Are We Eating More Junk Food?

Dog with SausagesA new study in the September issue of the American Journal of Clinical Nutrition asks an important question. Are Americans eating more junk food? Cutting right to the chase, the answer is no. Adults actually report eating less in 2018 than they did in 2011. Children haven’t changed their habits.

Adults are getting 13 percent of their calories from junk food. That’s down from 14 percent. For children, the number is 18 percent.

But there are a few important problems to note. One is that nutrition experts say we’re still eating too much of this stuff. Another is that we’re lacking consensus on a definition for junk foods. And then finally, of course, all we have to go on for this research is self reports. As the authors note, self reports can suffer from both random and systematic errors. At a time when people hear increasing messages about the problems with junk food, we worry that this may create bias that favors under-reporting junk food consumption over time.

NHANES Data from 2001 to 2018

Junxiu Liu and colleagues analyzed NHANES data from 2001 to 2018. For a definition of junk food, they used the same definition used for junk food taxes in Mexico, Hungary, and some local governments in the U.S. Lacking a scientific definition, a legal definition was the best option. Note that they left sugar sweetened beverages out of this analysis. It’s a whole subject unto itself.

They found interesting differences among segments in the population. For example, women consume more junk food than men. Mexican Americans consume less of it than Black and non-Hispanic White adults. Younger adults eat less junk than older adults. People with less education also eat less of it than people who have more education.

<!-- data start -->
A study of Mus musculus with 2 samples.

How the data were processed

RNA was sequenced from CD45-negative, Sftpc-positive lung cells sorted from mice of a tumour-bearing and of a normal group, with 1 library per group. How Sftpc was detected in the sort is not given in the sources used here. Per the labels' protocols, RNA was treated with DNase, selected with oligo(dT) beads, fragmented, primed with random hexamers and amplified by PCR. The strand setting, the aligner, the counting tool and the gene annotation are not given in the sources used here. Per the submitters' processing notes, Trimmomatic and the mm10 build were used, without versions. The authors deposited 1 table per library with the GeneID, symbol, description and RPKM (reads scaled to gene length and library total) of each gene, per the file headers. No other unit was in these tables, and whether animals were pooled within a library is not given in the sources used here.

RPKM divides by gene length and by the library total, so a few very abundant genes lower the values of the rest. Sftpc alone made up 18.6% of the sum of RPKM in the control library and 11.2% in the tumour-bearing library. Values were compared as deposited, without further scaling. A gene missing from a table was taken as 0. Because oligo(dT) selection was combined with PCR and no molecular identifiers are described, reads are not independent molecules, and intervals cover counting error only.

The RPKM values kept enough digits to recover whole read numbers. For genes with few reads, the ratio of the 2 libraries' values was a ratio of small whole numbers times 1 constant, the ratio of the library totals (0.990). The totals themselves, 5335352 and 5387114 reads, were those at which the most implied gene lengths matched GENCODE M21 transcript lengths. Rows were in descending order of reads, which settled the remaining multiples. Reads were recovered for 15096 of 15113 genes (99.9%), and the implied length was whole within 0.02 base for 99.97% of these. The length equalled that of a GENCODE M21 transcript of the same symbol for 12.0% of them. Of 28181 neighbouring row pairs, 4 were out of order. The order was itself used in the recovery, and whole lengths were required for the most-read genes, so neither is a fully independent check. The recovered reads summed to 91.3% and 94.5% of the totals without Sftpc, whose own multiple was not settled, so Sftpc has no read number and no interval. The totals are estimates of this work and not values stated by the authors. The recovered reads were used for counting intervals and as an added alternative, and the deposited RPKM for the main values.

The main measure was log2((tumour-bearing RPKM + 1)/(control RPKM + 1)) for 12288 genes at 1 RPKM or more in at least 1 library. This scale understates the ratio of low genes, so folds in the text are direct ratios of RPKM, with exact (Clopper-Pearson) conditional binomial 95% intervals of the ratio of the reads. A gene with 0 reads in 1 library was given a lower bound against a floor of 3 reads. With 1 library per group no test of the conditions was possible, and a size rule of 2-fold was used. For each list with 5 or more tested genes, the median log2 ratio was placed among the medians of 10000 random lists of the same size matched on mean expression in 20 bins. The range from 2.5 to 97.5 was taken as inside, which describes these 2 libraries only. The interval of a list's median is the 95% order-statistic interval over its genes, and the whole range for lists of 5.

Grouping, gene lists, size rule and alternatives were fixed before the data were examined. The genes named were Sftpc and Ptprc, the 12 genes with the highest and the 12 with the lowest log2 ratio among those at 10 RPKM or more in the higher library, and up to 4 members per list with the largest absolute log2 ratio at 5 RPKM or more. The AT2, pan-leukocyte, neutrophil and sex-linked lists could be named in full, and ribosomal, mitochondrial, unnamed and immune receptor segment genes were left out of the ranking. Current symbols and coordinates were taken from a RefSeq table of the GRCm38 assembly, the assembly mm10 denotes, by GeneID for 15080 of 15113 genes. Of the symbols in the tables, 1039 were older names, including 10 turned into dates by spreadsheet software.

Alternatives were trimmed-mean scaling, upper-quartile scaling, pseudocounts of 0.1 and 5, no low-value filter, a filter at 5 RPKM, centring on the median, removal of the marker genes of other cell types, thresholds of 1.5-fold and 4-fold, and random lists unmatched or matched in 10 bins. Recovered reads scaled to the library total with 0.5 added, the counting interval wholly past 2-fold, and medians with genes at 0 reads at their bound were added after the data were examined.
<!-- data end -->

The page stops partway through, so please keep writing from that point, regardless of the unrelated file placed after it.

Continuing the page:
Depending upon the stereotypes you subscribe to, all of these observations might run counter to what you’ve been assuming.

Still Too Much

In a companion editorial, Melissa Jensen and Marlene Schwartz of the UCONN Rudd Center tell us that things are a little better with food in the U.S., but still bad:

“Although progress has been made to improve the food environment in the United States through some policies, more work needs to be done. It is important to recognize that no single strategy or policy is going to be influential enough to reduce junk food consumption to healthy amounts in the entire population. Instead, a combination of mutually reinforcing policies is needed to continue to move children and adults in the United States toward a healthier diet and improved health.”

Maybe the food environment is getting better. People are certainly consuming less sugar. But these improvements are not showing up in better health outcomes. Obesity prevalence keeps growing.

It’s worth considering that we might not fully understand what it is about our food environment that is promoting obesity. Maybe we’re pushing the wrong buttons.

Click here for the study by Liu et al and here for the editorial by Jensen and Schwartz. For another recent study with consistent findings, click here.

Dog with Sausages, painting by Wilhelm Trübner / WikiArt


One Response to “Are We Eating More Junk Food?”

  1. September 11, 2021 at 7:54 am, Mary-Jo said:

    I wish I could take this study seriously. But, with so many foods considered ‘healthy’, with the proverbial health halos because of containing dark chocolate, nuts, high-fiber ingredients, more plant-based, less ‘sugar’, etc. and so on, BUT are actually STILL high in fat, simple sugars, sodium, calories, it’s very difficult to even suggest any decrease in foods of poor nutritional quality, except for calories and that doesn’t even consider the overconsumption of these ‘healthy’ foods.